An FHA loan is a government-backed mortgage insured by the Federal Housing Administration, or FHA for short. Popular with first-time home buyers, FHA home loans require lower minimum credit scores and down payments than many conventional loans. Although the government insures the loans, they are offered by FHA-approved mortgage lenders. FHA loans come in fixed-rate terms of 15 and 30 years.

FHA’s flexible underwriting standards allow borrowers who may not have pristine credit or high incomes and cash savings the opportunity to become homeowners. But there’s a catch: borrowers must pay FHA mortgage insurance. This coverage protects the lender from a loss if you default on the loan.

Mortgage insurance is required on most loans when borrowers put down less than 20 percent. All FHA loans require the borrower to pay two mortgage insurance premiums:

  • Upfront mortgage insurance premium: 1.75 percent of the loan amount, paid when the borrower gets the loan. The premium can be rolled into the financed loan amount.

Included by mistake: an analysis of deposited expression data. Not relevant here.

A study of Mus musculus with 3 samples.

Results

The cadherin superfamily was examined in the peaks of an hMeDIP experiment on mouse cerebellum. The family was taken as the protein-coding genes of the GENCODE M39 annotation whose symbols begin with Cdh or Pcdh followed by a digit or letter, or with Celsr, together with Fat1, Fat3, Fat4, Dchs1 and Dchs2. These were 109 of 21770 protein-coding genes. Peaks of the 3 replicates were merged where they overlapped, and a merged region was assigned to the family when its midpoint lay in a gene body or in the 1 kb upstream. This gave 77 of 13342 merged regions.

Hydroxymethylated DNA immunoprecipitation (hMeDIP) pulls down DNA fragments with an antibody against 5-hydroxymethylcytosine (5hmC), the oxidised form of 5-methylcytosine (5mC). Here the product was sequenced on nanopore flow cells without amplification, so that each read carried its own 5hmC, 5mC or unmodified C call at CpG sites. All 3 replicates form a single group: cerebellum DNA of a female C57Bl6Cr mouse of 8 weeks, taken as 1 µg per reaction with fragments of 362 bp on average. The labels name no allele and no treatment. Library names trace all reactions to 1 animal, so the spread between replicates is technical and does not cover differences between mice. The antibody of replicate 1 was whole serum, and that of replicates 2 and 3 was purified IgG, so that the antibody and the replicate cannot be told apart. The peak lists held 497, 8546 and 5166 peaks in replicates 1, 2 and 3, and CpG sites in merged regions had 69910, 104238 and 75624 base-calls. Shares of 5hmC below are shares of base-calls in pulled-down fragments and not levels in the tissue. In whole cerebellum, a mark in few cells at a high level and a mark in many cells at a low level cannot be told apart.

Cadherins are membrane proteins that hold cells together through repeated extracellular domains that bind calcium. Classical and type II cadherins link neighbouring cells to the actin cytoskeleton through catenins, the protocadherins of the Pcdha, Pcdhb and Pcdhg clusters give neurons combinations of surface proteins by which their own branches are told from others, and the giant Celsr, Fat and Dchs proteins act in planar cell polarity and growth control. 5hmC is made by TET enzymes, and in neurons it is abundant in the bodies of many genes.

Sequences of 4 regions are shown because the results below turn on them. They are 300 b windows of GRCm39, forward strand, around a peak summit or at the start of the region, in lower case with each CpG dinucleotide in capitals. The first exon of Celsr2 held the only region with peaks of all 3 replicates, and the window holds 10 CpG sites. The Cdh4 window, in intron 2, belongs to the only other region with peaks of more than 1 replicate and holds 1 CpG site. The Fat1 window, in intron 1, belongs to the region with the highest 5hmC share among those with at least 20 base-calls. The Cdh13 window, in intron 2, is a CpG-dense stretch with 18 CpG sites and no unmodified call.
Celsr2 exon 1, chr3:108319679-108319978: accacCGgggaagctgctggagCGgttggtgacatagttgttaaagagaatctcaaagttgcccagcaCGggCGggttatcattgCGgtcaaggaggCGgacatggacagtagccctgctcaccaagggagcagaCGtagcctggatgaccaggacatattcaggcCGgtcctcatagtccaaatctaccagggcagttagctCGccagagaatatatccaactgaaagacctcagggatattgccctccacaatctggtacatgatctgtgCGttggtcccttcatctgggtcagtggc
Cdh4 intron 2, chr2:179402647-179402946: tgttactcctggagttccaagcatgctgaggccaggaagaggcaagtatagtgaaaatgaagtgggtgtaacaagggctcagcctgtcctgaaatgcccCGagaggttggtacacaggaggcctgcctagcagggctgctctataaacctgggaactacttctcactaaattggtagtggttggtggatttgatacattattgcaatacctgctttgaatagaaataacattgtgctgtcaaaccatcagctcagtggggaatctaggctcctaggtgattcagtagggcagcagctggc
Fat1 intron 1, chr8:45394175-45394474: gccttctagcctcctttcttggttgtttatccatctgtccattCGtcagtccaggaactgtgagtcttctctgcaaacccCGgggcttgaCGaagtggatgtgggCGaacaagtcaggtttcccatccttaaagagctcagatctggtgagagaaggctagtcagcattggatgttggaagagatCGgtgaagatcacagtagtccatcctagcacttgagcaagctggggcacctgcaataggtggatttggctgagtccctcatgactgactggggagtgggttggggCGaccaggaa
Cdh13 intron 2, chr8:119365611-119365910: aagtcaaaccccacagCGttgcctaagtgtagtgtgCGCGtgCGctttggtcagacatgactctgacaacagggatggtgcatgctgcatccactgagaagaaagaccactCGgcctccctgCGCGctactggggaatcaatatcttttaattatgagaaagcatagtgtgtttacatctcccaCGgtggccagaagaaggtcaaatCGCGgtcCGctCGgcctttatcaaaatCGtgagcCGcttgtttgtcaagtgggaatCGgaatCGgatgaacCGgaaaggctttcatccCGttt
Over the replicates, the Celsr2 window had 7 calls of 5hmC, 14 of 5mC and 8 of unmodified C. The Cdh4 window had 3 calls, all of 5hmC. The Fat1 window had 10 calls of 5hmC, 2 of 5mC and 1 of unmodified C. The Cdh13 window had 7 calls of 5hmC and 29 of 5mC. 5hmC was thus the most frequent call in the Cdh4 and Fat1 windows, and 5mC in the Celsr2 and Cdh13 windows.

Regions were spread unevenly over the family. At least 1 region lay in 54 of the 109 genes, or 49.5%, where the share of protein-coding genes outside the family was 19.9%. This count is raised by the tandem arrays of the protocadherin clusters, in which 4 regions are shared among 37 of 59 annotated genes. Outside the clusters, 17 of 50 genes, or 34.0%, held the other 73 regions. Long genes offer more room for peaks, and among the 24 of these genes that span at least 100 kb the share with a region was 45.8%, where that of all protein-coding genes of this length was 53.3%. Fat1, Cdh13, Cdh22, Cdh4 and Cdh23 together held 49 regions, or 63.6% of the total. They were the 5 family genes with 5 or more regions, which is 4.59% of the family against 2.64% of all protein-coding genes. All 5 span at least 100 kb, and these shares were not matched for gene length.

• Annual mortgage insurance premium: 0.45 percent to 1.05 percent, depending on the loan term (15 years vs. 30 years), the loan amount and the initial loan-to-value ratio, or LTV. This premium amount is divided by 12 and paid monthly.

How to qualify for an FHA loan

To be eligible for an FHA loan, borrowers must meet the following lending guidelines:

  • FICO score of 500 to 579 with 10 percent down or a FICO score of 580 or higher with 3.5 percent down.

  • Verifiable employment history for the last two years.

  • Income is verifiable through pay stubs, federal tax returns and bank statements.

  • Loan is used for a primary residence.

  • Property is appraised by an FHA-approved appraiser and meets HUD property guidelines.

  • Your front-end debt ratio (monthly mortgage payments) should not exceed 31 percent of your gross monthly income. Lenders may allow a ratio up to 40 percent in some cases.

  • Your back-end debt ratio (mortgage, plus all monthly debt payments) should not exceed 43 percent of your gross monthly income. Lenders may allow a ratio up to 50 percent in some cases.

  • If you experienced a bankruptcy, you must wait 12 months to two years to apply, and three years for a foreclosure. Lenders may make exceptions on waiting periods for borrowers with extenuating circumstances.